The Nationwide BIDs Survey 2016 gives a comprehensive overview of the ballot process, finances, governance and policy role of BIDS in the United Kingdom. The survey includes data for 216 of the 227 active BIDs and was published by British BIDs.
Here we focus on the data from the report that tells us more about the added value from BIDs. In taking this focus, we are seeking to understand how BIDs are developing to provide additional services, roles and leadership beyond their core commitments to levy payers and baseline agreements with local authorities.
Core income: The total income raised from the BID levy on businesses is £75.579m spread across 178 locations providing the data. The average per BID varies greatly with from £20,356 in Little Addington to £3.730m for the New West End Company in London. A further £22.971m is accounted for as indirect and in-kind funding.
Additional income: BIDs generated an impressive £13.58m of additional cash income over the last year; equivalent to 17.8% of total income. Of this, 29 BIDs each generated over £100,000 of additional income. Four BIDs -Kirkcaldy 4 all, Inmidtown, Otley BID and Plymouth Waterfront BID- more than doubled their income in this way.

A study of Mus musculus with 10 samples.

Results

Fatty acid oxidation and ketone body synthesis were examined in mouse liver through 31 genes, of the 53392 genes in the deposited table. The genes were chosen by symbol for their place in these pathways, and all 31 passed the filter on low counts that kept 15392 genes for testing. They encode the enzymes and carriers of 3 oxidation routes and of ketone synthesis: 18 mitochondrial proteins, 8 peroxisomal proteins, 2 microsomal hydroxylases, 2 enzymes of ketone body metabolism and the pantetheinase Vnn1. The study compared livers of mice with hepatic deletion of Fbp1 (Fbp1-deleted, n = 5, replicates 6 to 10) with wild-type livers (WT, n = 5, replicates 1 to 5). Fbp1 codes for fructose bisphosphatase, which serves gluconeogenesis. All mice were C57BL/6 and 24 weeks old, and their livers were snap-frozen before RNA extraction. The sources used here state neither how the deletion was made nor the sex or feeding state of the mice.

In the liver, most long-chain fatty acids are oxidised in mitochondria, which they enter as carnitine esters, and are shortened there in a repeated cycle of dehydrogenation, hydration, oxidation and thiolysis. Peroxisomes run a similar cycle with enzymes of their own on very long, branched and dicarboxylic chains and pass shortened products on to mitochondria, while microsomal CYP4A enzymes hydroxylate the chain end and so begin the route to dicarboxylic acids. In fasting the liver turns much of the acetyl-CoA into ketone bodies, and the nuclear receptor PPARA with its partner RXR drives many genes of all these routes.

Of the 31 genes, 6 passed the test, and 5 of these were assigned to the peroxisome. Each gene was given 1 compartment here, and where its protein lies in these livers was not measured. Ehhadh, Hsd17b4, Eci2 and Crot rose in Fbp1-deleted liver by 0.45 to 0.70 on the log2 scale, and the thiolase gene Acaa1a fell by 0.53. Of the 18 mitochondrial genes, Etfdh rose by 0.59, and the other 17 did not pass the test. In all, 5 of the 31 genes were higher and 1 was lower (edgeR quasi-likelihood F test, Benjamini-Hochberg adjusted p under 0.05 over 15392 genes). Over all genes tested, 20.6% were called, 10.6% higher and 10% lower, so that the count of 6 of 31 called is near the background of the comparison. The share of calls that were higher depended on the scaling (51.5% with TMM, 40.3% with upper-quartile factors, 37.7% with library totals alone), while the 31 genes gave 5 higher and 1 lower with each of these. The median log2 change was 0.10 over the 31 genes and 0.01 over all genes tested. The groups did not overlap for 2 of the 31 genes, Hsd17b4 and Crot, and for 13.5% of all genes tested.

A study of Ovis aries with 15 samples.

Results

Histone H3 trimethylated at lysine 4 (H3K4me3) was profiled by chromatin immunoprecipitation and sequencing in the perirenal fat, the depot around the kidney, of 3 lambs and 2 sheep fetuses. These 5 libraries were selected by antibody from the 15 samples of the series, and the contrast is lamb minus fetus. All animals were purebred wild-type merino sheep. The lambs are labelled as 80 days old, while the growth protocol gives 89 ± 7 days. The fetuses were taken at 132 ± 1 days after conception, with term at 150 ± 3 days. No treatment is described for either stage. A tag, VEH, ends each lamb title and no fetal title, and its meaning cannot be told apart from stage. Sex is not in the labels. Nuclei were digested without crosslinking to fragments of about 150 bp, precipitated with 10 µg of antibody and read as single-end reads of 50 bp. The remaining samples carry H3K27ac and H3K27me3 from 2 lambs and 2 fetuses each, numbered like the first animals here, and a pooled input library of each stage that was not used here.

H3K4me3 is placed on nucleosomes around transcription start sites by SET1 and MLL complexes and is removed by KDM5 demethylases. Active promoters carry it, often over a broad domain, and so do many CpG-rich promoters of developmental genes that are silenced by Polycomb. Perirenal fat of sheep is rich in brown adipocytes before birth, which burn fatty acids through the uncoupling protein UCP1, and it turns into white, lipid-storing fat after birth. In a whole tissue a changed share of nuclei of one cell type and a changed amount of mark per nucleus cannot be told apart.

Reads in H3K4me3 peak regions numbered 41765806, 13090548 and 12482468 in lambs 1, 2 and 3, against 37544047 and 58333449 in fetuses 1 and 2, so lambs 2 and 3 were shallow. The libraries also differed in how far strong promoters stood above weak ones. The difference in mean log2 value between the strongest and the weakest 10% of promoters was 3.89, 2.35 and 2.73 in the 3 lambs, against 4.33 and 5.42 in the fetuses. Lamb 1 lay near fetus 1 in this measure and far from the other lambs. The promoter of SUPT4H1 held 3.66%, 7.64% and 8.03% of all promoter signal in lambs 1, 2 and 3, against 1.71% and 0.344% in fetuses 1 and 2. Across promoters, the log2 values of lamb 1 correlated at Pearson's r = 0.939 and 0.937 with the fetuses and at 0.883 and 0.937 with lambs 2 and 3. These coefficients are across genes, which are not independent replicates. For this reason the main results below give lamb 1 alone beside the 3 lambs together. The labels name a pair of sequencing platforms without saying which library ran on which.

Stakeholder involvement: Surprisingly, 13% of BIDs had no local authority representation, whilst 40% had no property owners on their boards. No figures were provided for representation by other community-based organisations.
Baseline agreements: There were reports of ‘slippage’ away from baseline agreements with local authorities in 23% of BID areas. These baseline agreements specify the level of services provided by local authorities prior to a BID being established and so are a measure of added value’ as a BID develops.
Transfer of council services: 20% of BIDs responding said they were in discussion about the transfer of services from the local authority. Most of the services under consideration could be considered core to a BID’s activity including events, street trading, markets and cleansing but extended to open spaces tourism and libraries. It was not specified whether these would be bring additional income or just responsibilities. Four BIDs did though refer specifically to contractual arrangements in relation to existing delivery of transferred services; notably Lincoln BIG provide the city visitor information service for £150,000 and Aberdeen Inspired provide event management and a city centre manager for the same amount.
Neighbourhood Plans: Only 22% of BIDs said they had some involvement in local Neighbourhood Planning/or that a Plan was being developed. It is though a little ambiguous as to the level of involvement in plan areas that this accounts for.